Money, Failocs and Queues: The Real Cost of BlizzCon Tickets

Updated Fri, Apr 15, 2011 by Saia

The BlizzCon Failoc

It’s nearly BlizzCon ticket-madness time once again. Yes Blizzard has announced the dates batches of tickets will be released, as well as the pricing. Expect long, long queues on release day. While all of this does slam home how popular World of Warcraft is, I also noticed that the ticket price has gone up. Last year it was $150 and now it’s $175.

I know from time spent in the US that $175 spent for an event is a lot of money. Heck, SDCC only costs $105 and that’s for four days. I also understand that inflation is an annoying side-effect of the economy and, given the recession, a rise in price by $25 isn’t too bad but that’s assuming you can actually get a ticket.

Most people forget that you’re paying for the entry to the event and the goody bag - while they do cost Blizzard a fair amount to put together - is just a bonus. You’re there to see whatever announcements Blizzard has up their sleeve and the free pet/mount sweetens the deal. Granted, the goody bag is getting more impressive. It was - frankly - refreshing to see all the crap and clutter axed from last year’s bag so it comprised of just the gorgeous Deathwing marquette, a genuinely-useful Authenticator, the pet card and a sample of the official magazine (well, you can’t have everything).

But, to be honest, if I was going to BlizzCon (and while I’d like to, I’m probably not, not unless my numbers come up on the Lottery. Ha!) I would much rather pay for one of the Benefit tickets. For $500, you skip the inevitable queue on Thursday, you get the goody bag given to you at the dinner, along with your ticket and signed artwork. To top it off, you also have a memorable meal with the developers themselves and the chance to do something for an excellent cause, in the form of the Children’s Hospital of Orange County. To me, that’s such a better way to spend your money. Sadly it all comes down to whether you’re lucky enough to even get a ticket at all.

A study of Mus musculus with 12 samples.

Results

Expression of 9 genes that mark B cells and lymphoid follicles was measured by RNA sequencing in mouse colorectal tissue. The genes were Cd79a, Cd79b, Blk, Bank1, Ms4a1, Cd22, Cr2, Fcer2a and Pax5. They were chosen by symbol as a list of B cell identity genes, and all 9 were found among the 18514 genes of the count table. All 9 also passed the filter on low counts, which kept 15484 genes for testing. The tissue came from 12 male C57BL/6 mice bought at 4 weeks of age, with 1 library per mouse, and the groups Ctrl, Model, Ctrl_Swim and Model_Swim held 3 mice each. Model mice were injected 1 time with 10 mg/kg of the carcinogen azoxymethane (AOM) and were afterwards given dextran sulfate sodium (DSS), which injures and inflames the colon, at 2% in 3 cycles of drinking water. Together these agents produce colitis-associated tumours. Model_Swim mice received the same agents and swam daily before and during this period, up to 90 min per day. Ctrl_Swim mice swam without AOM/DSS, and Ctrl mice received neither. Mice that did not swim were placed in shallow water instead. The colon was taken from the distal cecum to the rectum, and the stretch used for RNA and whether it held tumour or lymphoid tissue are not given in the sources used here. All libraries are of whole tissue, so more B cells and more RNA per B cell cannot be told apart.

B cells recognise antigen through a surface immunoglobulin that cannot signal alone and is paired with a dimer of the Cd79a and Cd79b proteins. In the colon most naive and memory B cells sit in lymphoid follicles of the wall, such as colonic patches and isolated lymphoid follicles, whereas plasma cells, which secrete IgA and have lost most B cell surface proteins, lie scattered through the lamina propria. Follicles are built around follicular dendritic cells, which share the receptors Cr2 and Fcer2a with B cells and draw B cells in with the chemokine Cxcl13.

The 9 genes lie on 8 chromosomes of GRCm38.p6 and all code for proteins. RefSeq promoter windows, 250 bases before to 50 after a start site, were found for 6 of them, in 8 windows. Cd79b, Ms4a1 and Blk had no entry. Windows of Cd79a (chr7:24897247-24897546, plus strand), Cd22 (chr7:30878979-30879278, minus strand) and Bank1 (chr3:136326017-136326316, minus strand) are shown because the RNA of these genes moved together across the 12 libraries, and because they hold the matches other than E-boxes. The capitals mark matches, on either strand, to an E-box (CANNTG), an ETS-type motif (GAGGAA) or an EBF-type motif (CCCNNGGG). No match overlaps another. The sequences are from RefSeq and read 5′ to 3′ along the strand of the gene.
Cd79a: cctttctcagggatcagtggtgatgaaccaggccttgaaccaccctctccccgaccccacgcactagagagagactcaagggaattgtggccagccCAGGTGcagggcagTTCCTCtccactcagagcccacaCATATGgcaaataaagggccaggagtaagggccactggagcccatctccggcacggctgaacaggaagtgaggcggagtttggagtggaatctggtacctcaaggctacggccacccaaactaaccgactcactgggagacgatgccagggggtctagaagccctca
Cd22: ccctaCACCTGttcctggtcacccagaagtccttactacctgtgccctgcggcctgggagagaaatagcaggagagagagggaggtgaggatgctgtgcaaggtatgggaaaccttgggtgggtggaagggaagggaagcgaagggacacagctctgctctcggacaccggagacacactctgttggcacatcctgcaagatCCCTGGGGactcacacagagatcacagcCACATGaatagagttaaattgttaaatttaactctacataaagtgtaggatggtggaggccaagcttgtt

BlizzCon Line - Exterior BlizzCon Line - Interior

Expect lots of queues... from the one to get into the convention center to the one for the shop.

Blizzard hasn’t had much luck in the last few years when it comes to selling tickets. Indeed this is the sole reason for the rise of the Failoc. Unless you have lightening reflexes - and even if you do - it can sometimes be impossible to get hold of a ticket. In previous years, demand has been so great that it’s not been unknown for the website to crash and it’s likely to happen again this year.

The problem is, unless you live in Anaheim, the cost of the ticket is just the tip of the iceberg. A cursory glance on the travel section of the BlizzCon website shows prices that are, for the most part, higher than if you go and book via the hotel’s own website. By the time you factor in things like flights (and that’s even if you’re coming from Seattle or San Diego, not just further away) and food, the bill has shot up.

And so I have come across a simpler solution: get a Virtual Ticket.

Just think about it, there’s no hurry, it’s cheaper and means I will be able to sit at home (or possibly in my local wifi-equipped tavern) with a cold beverage and watch everything from the best seat in the house - my own. I’ll probably get the pet from it too and if I want the goody bag, well, there’s always eBay and even spending a hundred bucks there is cheaper than flying to the US. An added bonus is no jet lag, no 'con flu, no insane queues and - sorry, folks - no having to deal with other people’s B.O. either. Sounds like a win/win to me!

So, before you join the rush for tickets and wear out your F5 button, it might be worth sitting down and thinking this through. After all, even if Titan is announced, even if the new WoW expansion is revealed or a date for Diablo III is finally set in stone, will being there really effect you that much, other than emptying your wallet? So much of what makes BlizzCon BlizzCon from shopping for shiny merch and viewing the panels to running around with a new exclusive mount or pet can be experienced from the comfort of your own computer. Heck, the cost of not going to BlizzCon could ensure you're still visiting Azeroth in 2035 and, sometimes, experiences are better when you're not there, this could be one of them.